Second Sunday of Epiphany - Choral Evensong

  • Preacher

    The Dean - The Very Revd Andrew Nunn

  • Readings

    Ezekiel 2.1 - 3.4; Galatians 1.11-24

On the night of the 14 November 1940 the city and people of Coventry suffered a one-off but relentless blitz

My mum was a little girl then, nine years old, living on the edge of Leicester.  That evening my grandparents took my mum and her brother and sister out and they stood on the Spion Kop, the name of the railway bridge close to their house, and watched the night sky change colour as Coventry was bombed.  This was blitzkrieg as the Nazis named it, lightening war.  They stood and watched with horror as the night sky became red and from that distance away they could hear the sound of bombing.

The mediaeval Cathedral was left in ruins as was much of the city.  In the clear light of day the clergy went back into what was left of the cathedral.  Two of the roof beams had fallen in the shape of a cross and three medieval roof nails were found and out of them a cross was made – the cross of nails.  That cross, made of those three nails that survived the bombing, is on the high altar of Sir Basil Spence’s new cathedral that stands alongside the ruins, like a phoenix that rose from the ashes.

Very quickly other churches and bodies wanted to stand alongside the people of Coventry and the Chapter of Coventry Cathedral.  Two words of Jesus had been written on the walls of the ruins, ‘Father forgive’.  Those words had been uttered by Jesus from the cross as three nails, driven home, held him to the wood of the cross.  ‘Father forgive’.

In the 80 years that have followed, the Community of the Cross of Nails has been established and is now made up of over 235 churches, charities, peace-building centres, and educational and training organisations around the world, who are inspired by the Coventry story of destruction, rebuilding and renewal, and are active in reconciliation in their own ways.

Today three more churches began their journey into membership of this worldwide community – the Cathedral in Brussels, our link cathedral in Bergen and we ourselves each received a replica of the cross in a service held this morning in Coventry Cathedral.  Next Sunday the Dean of Coventry will be here to admit us formally to the Community.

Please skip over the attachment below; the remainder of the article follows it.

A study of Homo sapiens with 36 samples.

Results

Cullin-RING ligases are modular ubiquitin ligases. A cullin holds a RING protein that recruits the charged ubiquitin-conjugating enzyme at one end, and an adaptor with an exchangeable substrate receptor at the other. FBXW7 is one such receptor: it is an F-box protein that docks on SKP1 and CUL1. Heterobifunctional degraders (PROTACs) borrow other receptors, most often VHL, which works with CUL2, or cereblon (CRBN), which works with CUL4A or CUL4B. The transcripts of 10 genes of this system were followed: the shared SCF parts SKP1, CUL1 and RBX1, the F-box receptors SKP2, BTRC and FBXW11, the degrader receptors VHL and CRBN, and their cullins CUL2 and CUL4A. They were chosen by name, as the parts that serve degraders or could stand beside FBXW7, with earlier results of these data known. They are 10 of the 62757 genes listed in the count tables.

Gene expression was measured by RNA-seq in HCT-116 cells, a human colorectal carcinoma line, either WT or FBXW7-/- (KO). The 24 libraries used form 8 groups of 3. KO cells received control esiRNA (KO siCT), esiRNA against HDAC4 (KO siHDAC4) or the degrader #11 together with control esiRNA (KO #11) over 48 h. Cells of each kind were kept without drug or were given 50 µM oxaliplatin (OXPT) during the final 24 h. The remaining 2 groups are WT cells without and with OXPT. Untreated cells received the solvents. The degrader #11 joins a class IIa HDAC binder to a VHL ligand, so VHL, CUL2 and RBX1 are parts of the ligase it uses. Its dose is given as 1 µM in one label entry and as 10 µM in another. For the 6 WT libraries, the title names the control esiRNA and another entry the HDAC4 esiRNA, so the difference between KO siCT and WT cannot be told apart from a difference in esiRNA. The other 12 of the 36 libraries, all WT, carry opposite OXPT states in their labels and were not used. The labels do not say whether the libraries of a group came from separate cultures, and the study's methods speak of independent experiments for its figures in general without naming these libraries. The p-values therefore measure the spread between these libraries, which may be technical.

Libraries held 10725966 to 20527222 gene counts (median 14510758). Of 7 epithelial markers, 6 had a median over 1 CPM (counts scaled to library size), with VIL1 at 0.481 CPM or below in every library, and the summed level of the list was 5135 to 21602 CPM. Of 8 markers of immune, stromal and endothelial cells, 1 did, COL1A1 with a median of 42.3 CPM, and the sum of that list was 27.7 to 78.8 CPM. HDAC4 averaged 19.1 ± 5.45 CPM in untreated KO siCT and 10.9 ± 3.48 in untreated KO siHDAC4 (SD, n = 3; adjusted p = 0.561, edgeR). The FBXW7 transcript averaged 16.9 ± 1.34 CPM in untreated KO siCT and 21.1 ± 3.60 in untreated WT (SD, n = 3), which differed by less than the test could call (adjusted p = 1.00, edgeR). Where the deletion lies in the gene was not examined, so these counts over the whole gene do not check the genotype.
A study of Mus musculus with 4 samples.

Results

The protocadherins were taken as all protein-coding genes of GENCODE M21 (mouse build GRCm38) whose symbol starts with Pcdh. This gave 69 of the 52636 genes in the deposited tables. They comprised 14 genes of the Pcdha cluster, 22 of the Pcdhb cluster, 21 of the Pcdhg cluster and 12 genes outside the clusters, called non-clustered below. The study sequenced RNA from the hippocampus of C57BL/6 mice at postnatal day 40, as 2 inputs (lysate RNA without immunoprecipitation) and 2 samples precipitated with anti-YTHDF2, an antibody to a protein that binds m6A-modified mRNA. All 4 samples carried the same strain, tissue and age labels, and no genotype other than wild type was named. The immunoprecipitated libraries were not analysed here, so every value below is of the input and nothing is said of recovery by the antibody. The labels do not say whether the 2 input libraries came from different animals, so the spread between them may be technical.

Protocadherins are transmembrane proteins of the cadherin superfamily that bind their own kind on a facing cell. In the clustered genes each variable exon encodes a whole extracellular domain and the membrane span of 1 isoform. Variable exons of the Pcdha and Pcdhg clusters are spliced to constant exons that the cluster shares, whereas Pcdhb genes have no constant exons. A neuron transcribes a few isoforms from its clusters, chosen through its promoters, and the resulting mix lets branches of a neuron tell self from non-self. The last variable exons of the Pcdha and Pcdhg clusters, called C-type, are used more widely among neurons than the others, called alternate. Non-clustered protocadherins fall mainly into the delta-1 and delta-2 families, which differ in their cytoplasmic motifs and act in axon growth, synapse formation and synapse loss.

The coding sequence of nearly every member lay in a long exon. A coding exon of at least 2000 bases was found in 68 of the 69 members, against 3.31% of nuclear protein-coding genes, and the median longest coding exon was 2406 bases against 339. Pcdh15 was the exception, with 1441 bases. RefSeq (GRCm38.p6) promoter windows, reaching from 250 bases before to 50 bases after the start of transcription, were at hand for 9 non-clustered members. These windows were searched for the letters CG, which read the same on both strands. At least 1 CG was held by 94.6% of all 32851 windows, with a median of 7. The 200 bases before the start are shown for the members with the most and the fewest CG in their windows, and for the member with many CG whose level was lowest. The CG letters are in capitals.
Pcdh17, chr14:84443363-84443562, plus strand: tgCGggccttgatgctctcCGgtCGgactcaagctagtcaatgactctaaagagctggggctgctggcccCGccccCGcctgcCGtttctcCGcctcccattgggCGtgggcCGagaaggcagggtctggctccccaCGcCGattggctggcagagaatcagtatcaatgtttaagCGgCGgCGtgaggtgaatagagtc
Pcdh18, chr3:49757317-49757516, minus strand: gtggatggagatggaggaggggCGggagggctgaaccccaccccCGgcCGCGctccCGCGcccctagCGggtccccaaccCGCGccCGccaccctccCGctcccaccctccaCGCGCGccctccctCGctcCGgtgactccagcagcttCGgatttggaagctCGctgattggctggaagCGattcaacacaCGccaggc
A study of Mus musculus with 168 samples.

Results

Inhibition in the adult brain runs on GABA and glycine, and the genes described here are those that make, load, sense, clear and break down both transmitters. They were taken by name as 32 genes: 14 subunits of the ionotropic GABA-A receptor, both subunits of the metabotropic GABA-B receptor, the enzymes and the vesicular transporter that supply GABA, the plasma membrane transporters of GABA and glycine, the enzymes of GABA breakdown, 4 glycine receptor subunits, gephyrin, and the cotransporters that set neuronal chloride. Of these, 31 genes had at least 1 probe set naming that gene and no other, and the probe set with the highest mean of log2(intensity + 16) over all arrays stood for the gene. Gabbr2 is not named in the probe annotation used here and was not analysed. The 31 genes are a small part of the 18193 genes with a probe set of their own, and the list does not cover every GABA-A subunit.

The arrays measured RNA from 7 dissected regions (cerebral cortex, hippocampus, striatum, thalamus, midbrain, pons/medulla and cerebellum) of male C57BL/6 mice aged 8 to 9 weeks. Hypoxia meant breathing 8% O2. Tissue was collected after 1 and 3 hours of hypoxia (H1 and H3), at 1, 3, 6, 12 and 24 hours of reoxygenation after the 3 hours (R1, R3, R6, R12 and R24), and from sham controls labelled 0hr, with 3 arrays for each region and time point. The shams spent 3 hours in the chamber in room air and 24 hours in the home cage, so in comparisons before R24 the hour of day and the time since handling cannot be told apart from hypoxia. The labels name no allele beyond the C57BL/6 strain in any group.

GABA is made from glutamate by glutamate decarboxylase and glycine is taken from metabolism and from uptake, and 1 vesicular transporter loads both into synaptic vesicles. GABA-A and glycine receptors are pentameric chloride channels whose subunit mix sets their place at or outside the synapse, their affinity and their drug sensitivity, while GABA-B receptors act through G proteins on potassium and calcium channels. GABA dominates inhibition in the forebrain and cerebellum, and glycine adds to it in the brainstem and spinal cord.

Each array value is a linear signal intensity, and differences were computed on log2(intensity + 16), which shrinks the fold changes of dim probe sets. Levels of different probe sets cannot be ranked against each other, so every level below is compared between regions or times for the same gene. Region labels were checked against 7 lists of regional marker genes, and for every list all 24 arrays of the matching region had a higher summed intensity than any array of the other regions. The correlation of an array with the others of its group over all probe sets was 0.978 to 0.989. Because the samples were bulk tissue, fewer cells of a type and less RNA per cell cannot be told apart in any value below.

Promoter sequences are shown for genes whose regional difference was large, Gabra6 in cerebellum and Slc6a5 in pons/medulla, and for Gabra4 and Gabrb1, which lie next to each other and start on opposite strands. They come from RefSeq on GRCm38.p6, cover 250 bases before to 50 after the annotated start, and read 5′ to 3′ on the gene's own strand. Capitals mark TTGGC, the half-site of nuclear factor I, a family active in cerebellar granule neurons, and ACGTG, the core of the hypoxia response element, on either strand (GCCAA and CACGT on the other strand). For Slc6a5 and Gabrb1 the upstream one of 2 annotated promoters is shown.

The cross will be placed on the altar of the Chapel of St Francis and St Elizabeth in the retrochoir and Bishop Christopher will, later this year, designate that chapel as a place of prayer for those who have died as the victims of violence. 

This is an exciting time for us as we join this community that’s committed to the work of reconciliation.  Each of the members commit to the three guiding principles of the Community of the Cross of Nails: Healing the wounds of history; Learning to live with difference and celebrate diversity; and Building a culture of peace.  Those are three principles that are already deep within the heart of this cathedral but we’ll be able to live them out in this great and ecumenical community.

The First Lesson for this evensong spoke of the commission of the prophet Ezekiel to his task.

I am sending you to them, and you shall say to them, ‘Thus says the Lord God.’ Whether they hear or refuse to hear (for they are a rebellious house), they shall know that there has been a prophet among them.

Just as we heard in the Second Lesson that Paul was called to proclaim a message, so Ezekiel had this task as well.  And whether people listened or not he and Paul and the church should proclaim it again and again and again.  And that message is as simple as the words that were written on the surviving walls of that Cathedral, ‘Father forgive’.

The church’s commission is to tell the tale of God in each generation, to each generation, whether or not people are eager to hear it.  It’s this message of the reconciling, forgiving, embracing love of God that we see nailed to the cross and active in the church. 

As we approach the end of this month and the final day of our membership of the community that is the family of nations of Europe, a family that was born from the ashes of the Second World War and a community that has brought years of peace and justice to the people of Europe, we need to embrace this ministry of reconciliation.  That is a huge task for all of us, but within the Community of the Cross of Nails we can engage in it with others who will speak the truth whether people listen or not, and be the prophet among them.